Farming network shares new thinking and techniques

Conventional farmers have much to learn from organic farmers, both in terms of improving their sustainability and their profitability, according to Soil Association chief executive Helen Browning.

“Organic farming has a lot to offer because we have been having to do without agro-chemicals for the last 60 or 70 years,” she told this week’s South of England Farming Conference at Ardingly, West Sussex. “We have learned a lot of techniques that can help as the chemistry stops working.”

Examples included addressing the problem of blackgrass and leatherjackets without chemicals, and how to manage no-till systems without glyphosate.

See also: Organic farming ‘boosts biodiversity and bees’

Ms Browning added that most research in agriculture was either “near market” – financed by people with products to sell – or “pure research”, funded by research councils or government.

“There is very little money going into applied research, and virtually none of it is farmer-led,” she said.

Practical approach

To help address this, the Innovative Farmers network had been launched last year under the Duchy Future Farming programme.

“The idea is for groups of farmers to get together to solve the challenges they want to solve, usually using things that they’ve got around them in the first place.”

Ms Browning explained that over 750 farmers so far had taken part in so-called “field labs” and open days, with some 35 topics being covered.

Small grants were available and the paperwork was kept really simple, so farmers could get things off the ground quickly.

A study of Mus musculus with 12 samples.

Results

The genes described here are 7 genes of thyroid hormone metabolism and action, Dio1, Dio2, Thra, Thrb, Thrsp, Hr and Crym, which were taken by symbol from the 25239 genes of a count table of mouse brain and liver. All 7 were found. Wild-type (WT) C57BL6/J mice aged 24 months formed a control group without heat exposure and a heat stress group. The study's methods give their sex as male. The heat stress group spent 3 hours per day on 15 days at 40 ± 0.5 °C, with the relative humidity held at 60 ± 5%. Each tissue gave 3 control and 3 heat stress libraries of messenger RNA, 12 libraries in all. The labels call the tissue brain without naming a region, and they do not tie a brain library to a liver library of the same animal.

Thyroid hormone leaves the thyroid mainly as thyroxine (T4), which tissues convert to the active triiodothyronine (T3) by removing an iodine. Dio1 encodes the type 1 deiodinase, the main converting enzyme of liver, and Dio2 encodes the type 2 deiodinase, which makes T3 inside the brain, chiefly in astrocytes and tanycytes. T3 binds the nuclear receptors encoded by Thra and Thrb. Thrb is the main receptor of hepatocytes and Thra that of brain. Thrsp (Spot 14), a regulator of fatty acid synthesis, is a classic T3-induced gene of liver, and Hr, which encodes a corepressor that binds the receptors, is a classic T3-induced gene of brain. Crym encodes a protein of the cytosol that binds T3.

“It’s very much for non-organic farmers as well as organic farmers,” she said. “Some of the new stuff coming through is quite whacky, but some of the most brilliant scientific breakthroughs have come from some quite whacky places in the first instance.”

New thinking in practice

oatsCompost tea. This has been trialled on organic and non-organic farms for the past two years. In the first year it delivered 10% to 50% higher yields.

It has also produced 60% more active fungi in soil samples from treated areas, and higher bushel weights – enough to bump the milling oats grown up into a higher premium market.

Sprouted seeds. All the rage in health food shops, Duchy College in Cornwall has carried out trials mixing them 50:50 with laying hen rations.

The results showed a 25% reduction in the amount of feed consumed, with no drop in egg weight or egg numbers.

cows udderMastitis. One field lab had achieved a 50% reduction in antibiotics use in dairy cows by using peppermint oil.

Another trial by the South Dairy Mastitis group is identifying whether the bacteria are gram positive or gram negative, and only treating the gram positive ones.

On a small sample size this has delivered a 25% reduction in the antibiotics bill. Milk from untreated animals is also able to go into the bulk tank after five days rather than 14.

Hoeing had decreased creeping thistle by 70% on one farm, but deep cultivation in the autumn was the most successful.

creeping thistleCreeping thistle. A range of techniques have been trialled, including an electric weeder, a biodynamic weed pepper, using buckwheat as a green manure and sub-soiling at eight to 10in.

Others. A field lab experiment grazing sheep with winter wheat in the spring has been successful at reducing blackgrass, as has making compost from woodchip to replace a growing substrate containing peat and using sea water minerals on arable crops, to stimulate nutrient uptake.